Lovecraft: Fear of the Unknown (2008) Frank H. Woodward’s straightforward, informative documentary about the life and work of the author H.P. Lovecraft. Love him or hate him, you can’t ignore Lovecraft’s lasting influence on the science fiction and horror genres, and Woodward does a fine job painting a portrait of a troubled, but brilliant writer. The film largely relies on interviews with several authors and filmmakers whose own work was heavily influenced by Lovecraft (including Guillermo del Toro, Stewart Gordon, John Carpenter, Peter Straub, Neil Gaiman and others). Stylistically, the film doesn’t break a lot of new ground, with talking head interviews, accompanied by footage of his Rhode Island surroundings. It’s most effective when Lovecraft is allowed to speak for himself, with snippets of his stories juxtaposed with artwork interpreting his horrific descriptions.
Woodward’s documentary deftly skirts the line between fanboy adoration and a critical examination of Lovecraft the man and Lovecraft the writer. The film doesn’t pull its punches with regard to exploring his xenophobic, borderline racist beliefs, but puts them in the context of early 20th century New England. Lovecraft is shown to be a man of strong convictions, as well as contradictions (For example, his anti-Semitic views didn’t stop him from marrying a Jewish woman.). The documentary also addresses the shortcomings of his writing through some of his most ardent admirers, while acknowledging his undeniable contribution to literature and enduring legacy. Highly recommended!
Rating: ****. Available on Blu Ray and DVD.
The Happiness of the Katakuris (2001) Have you ever had one of those times when you couldn’t decide between a comedy, absurdist family drama, horror, or a musical? Okay, probably not, but The Happiness of the Katakuris might just be the movie you never thought you were looking for. Based on the quirky Korean dysfunctional family film The Quiet Family, Takashi Miike decided to takes his version one louder, combining all of the aforementioned genre elements and more into one strange brew. For the Katakuri family, every silver lining has a cloud. Trouble seems to follow them when the patriarch Masao (Kenji Sawada) decides to leave his day job and open up a family-run bed and breakfast in the middle of nowhere. It’s up to Masao and his family to preserve the illusion of normalcy when the few guests that manage to find the place end up dead. You never really know what’s coming next, with scenes of high comedy, gory death, an animated segment, and random lyrical interludes. If inspired insanity is your thing, then Happiness of the Katikuris could be the movie for you.
Rating: ****½. Available on DVD.
Meet the Hollowheads (1989) In this obscurity from the late 80s, John Glover stars as Mr. Hollowhead, who works as a meter reader at a giant factory filled with enormous tubes. The tubes serve some sort of vital function in his town, burg, dimension, whatever (don’t ask). In a plot that could have been recycled from a 50s sitcom, Mr. Hollowhead, dreaming of a big promotion, takes his boss home for dinner to meet the family. Unfortunately, his boss couldn’t care less about his sycophantic employee, but suddenly has the hots for Mrs. Hollowhead. This ain’t Leave it to Beaver, though. Meet the Hollowheads seems stuck in some sort of alternate reality where people eat goop delivered in tubes, and the family dog looks like a cross between a naked mole rat and Freddy Krueger. I suppose it’s an attempt to make ironic statement about postmodern society, illustrated by 50s social mores, but your guess is as good as mine. Be on the lookout for cameos by Anne Ramsey (Throw Momma From The Train, The Goonies) in her final role, and Bobcat Goldthwait, who has the film’s best line. The style could only be described as Pee Wee’s Playhouse meets David Lynch, with sets that seem to be an alien’s interpretation of human society. It’s definitely not for everyone. In fact, I’m not exactly sure whom it would be for, but I applaud the cojones of the filmmakers for following their dreams (or acid trips) to make this film.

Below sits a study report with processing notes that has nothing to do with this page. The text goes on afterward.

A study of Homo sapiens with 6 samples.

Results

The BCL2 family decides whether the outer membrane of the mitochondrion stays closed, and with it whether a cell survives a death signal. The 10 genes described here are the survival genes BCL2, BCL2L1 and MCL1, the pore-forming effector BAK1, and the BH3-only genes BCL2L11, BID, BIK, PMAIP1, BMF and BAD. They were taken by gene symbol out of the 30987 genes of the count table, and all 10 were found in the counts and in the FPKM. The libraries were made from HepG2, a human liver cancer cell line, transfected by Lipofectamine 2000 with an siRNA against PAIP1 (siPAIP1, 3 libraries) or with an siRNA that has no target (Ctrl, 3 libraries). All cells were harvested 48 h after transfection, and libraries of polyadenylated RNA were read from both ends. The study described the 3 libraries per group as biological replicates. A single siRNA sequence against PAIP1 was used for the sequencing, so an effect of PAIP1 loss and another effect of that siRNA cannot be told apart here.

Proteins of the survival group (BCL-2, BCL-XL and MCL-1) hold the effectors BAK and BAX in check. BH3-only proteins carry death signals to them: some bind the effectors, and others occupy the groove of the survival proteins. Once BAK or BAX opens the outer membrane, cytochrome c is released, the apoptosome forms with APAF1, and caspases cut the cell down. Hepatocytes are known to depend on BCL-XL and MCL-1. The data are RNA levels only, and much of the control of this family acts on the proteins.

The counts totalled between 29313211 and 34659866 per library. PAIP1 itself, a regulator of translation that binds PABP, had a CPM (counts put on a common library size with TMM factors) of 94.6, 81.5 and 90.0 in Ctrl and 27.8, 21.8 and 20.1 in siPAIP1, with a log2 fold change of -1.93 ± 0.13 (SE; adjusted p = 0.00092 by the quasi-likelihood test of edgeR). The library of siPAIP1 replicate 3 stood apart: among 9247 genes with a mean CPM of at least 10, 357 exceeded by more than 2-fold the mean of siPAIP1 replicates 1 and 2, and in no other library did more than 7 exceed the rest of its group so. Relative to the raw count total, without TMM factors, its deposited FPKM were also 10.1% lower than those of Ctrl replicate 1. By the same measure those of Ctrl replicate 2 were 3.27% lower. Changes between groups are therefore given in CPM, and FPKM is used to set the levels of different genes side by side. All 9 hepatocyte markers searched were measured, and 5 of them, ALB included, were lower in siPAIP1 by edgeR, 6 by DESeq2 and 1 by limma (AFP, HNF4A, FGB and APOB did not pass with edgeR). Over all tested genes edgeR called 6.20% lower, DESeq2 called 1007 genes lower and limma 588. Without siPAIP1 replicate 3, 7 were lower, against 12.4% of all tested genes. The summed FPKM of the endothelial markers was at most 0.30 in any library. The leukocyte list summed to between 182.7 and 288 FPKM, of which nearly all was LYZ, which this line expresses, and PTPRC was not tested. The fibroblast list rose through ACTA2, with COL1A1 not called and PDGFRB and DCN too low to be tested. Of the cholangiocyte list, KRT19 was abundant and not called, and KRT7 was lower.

Rating: ***. Available on DVD and Netflix Streaming.
The Cook, the Thief, His Wife & Her Lover (1989) What’s black and white and red all over? It’s writer/director Peter Greenaway’s colorful, self-indulgent ode to gluttony and lust. Michael Gambon stars as Albert, a sadistic crime lord, and Helen Mirren is his long-suffering wife, Georgina. Most of the film takes place in Albert’s restaurant, Le Hollandais, where night after night the staff, patrons, and his entourage are subjected to his constant verbal and physical abuse. Bored and disgusted by Albert’s oafish ways, Georgina steals away for a series of brief rendezvous with another restaurant patron, a 40-ish bookkeeper named Michael. The camera doesn’t flinch from the ugliness of Albert’s actions. It’s strong stuff, indeed. If you’ve followed my blog for a while, you’ve probably noticed that I don’t normally mention MPAA ratings, since they’re often arbitrary and unreliable, but in this case the NC-17 was well earned. Consider yourself warned. Although I couldn’t really find any characters to identify with, I admired it from an artistic standpoint, especially for its original use of color to set the mood. I won’t reveal how Albert gets his eventual comeuppance, but let’s just say that it’s original and fitting. If you only know Michael Gambon through the Harry Potter movies, you might be in for a shock. You may never look at Albus Dumbledore the same way again.
Rating: *** ½. Available on DVD (Out of print) and Netflix Streaming.